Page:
Slylock Fox, 6/11/18
Today’s Slylock has what strikes me as a pretty big disconnect between the text and the art. The narrative we’re presented with asks us to believe that it’s Max who was lagging behind, and Slylock who has to still forge ahead to complete their mission. But check out what they actually look like: Max dynamically striding forward into adventure, looking over his shoulder at his companion, who’s desperately clinging to the broken bridge with a look of panic on his face. It’s almost as if these tales aren’t being written by their true hero, isn’t it? Anyway, here’s hoping Max crumples that map into a ball, tosses it into the ravine while Slylock watches, and heads off into the jungle, never looking back.
Barney Google and Snuffy Smith, 6/11/18
While I admit it isn’t for everyone, I really enjoyed the Darren Aronofsky Noah from a few years back (my pocket review is that the it’s the only big-budget biblical epic I’ve seen that has the nerve to get as crazy as the actual bible). One of the key themes of the movie is that for most of the story Noah believes that God plans to kill off all of mankind for its sins; Noah and his family are merely to shepherd the animal species through the Flood, and then once they die of old age, the human race will be justly wiped out. It’s only when he discovers that his daughter-in-law is pregnant that he has to recalibrate his thinking; but what today’s Barney Google and Snuffy Smith asks us to imagine is a word where the Flood is meant as a final and complete act of extermination, not just for man but for the beasts as well. Parson Tuttle is, as usual, wrong: There is an ark, and these creatures are calmly walking one by one into it, each to bear witnes for his or her kind at the complete elimination of all their fellows. All will live out the rest of their lives in contemplation, and eventually perish, leaving the earth cleansed of the filth that is biological life.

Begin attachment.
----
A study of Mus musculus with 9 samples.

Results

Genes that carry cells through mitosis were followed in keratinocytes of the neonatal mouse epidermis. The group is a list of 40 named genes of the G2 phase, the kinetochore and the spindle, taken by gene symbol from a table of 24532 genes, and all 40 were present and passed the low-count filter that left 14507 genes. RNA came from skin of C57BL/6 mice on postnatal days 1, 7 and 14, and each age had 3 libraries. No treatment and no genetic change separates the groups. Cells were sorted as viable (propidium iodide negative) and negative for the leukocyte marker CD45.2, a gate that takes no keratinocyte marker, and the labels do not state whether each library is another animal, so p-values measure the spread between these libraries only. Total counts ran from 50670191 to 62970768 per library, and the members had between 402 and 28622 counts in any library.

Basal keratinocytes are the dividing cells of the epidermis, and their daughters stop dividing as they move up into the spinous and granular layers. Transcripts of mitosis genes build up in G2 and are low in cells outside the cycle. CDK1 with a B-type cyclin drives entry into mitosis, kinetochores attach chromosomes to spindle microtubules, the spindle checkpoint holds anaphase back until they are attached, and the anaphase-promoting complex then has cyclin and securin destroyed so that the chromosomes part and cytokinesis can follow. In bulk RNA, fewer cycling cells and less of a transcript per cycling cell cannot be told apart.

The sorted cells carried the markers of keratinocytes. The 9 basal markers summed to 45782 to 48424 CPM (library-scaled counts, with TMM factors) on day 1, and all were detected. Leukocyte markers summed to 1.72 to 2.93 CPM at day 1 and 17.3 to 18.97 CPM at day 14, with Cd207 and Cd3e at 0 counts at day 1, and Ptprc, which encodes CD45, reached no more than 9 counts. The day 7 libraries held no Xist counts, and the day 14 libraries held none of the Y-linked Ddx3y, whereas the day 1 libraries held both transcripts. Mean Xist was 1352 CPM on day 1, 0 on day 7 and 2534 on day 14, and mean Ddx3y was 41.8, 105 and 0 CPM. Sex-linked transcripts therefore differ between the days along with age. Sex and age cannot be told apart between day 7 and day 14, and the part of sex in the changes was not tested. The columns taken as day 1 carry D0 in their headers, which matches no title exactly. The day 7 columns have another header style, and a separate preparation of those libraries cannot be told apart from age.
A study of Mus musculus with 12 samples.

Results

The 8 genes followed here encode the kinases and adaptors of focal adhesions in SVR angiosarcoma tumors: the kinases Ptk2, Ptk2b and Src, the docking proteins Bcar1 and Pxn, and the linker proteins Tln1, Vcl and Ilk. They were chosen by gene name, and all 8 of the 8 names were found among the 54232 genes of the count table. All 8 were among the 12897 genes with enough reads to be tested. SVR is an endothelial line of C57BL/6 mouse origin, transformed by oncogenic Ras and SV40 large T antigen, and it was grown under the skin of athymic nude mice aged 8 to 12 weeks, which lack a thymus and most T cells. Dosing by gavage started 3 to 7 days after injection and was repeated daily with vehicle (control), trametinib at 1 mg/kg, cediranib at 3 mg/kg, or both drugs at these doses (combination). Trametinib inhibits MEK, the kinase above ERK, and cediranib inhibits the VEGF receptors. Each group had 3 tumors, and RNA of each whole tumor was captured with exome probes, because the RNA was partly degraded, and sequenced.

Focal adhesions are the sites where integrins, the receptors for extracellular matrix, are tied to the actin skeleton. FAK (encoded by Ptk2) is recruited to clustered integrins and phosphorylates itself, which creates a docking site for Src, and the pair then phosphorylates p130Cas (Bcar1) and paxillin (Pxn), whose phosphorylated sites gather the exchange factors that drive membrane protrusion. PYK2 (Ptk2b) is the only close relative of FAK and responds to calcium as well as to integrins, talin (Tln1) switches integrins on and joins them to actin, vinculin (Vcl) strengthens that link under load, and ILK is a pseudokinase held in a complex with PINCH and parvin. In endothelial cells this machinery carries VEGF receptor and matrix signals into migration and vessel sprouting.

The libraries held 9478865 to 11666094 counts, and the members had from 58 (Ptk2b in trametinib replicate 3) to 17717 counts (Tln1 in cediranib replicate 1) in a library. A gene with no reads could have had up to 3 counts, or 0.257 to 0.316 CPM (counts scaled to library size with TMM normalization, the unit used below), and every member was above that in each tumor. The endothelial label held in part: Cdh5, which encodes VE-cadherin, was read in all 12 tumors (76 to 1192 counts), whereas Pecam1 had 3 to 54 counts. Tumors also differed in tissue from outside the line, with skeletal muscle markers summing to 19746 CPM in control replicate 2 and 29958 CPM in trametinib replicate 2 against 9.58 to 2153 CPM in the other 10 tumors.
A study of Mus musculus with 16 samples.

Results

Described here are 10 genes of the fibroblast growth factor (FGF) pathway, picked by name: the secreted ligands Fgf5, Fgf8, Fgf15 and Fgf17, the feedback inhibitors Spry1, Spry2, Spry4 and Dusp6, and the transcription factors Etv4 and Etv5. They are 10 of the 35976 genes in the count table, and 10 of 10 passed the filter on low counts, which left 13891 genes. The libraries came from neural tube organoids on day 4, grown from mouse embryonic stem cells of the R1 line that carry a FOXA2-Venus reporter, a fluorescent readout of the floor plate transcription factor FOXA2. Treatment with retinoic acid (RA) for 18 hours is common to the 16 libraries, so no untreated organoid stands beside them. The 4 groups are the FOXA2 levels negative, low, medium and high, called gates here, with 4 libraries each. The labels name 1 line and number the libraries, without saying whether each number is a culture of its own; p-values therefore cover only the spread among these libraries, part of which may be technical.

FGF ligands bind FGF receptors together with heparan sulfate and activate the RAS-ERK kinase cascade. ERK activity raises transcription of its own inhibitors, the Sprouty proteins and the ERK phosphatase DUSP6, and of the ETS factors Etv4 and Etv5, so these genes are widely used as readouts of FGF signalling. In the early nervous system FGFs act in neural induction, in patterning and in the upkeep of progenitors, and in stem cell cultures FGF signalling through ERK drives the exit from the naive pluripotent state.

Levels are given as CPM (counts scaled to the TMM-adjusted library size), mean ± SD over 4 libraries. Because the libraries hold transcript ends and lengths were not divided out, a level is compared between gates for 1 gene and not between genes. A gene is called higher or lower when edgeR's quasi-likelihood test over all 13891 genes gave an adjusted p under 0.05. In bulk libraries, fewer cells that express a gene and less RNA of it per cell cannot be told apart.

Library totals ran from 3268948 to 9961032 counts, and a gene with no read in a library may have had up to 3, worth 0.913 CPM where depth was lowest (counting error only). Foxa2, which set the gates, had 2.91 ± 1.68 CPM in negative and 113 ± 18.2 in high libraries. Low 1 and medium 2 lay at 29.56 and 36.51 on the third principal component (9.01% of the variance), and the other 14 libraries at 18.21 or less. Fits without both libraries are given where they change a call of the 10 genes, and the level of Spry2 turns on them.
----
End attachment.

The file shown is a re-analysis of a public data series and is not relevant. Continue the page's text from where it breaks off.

Mary Worth, 6/11/18
Hey, remember when Tommy used to date one his co-workers, but then he hurt himself and missed a few days of work, and when he came back she dumped him and he became a Vicodin addict? Then he eventually got fired, which solved the problem of having to work with an ex, but caused more problems in terms of not having a job and spiraling downward into addiction and so forth. But good news! Now he has a job, and there’s a girl at this job that Tommy clearly intends to make his own! His life’s all set, until the dangerous combination of a back injury and a breakup inevitably befalls him again.
It’s funny because Iron Fist has immediately taken Spidey’s measure and deemed him not even worth punching with his titular iron fist, and instead has chosen to kick him with what I assume is a regular, non-metallic foot, which appears to be clad in a ballet slipper of some kind.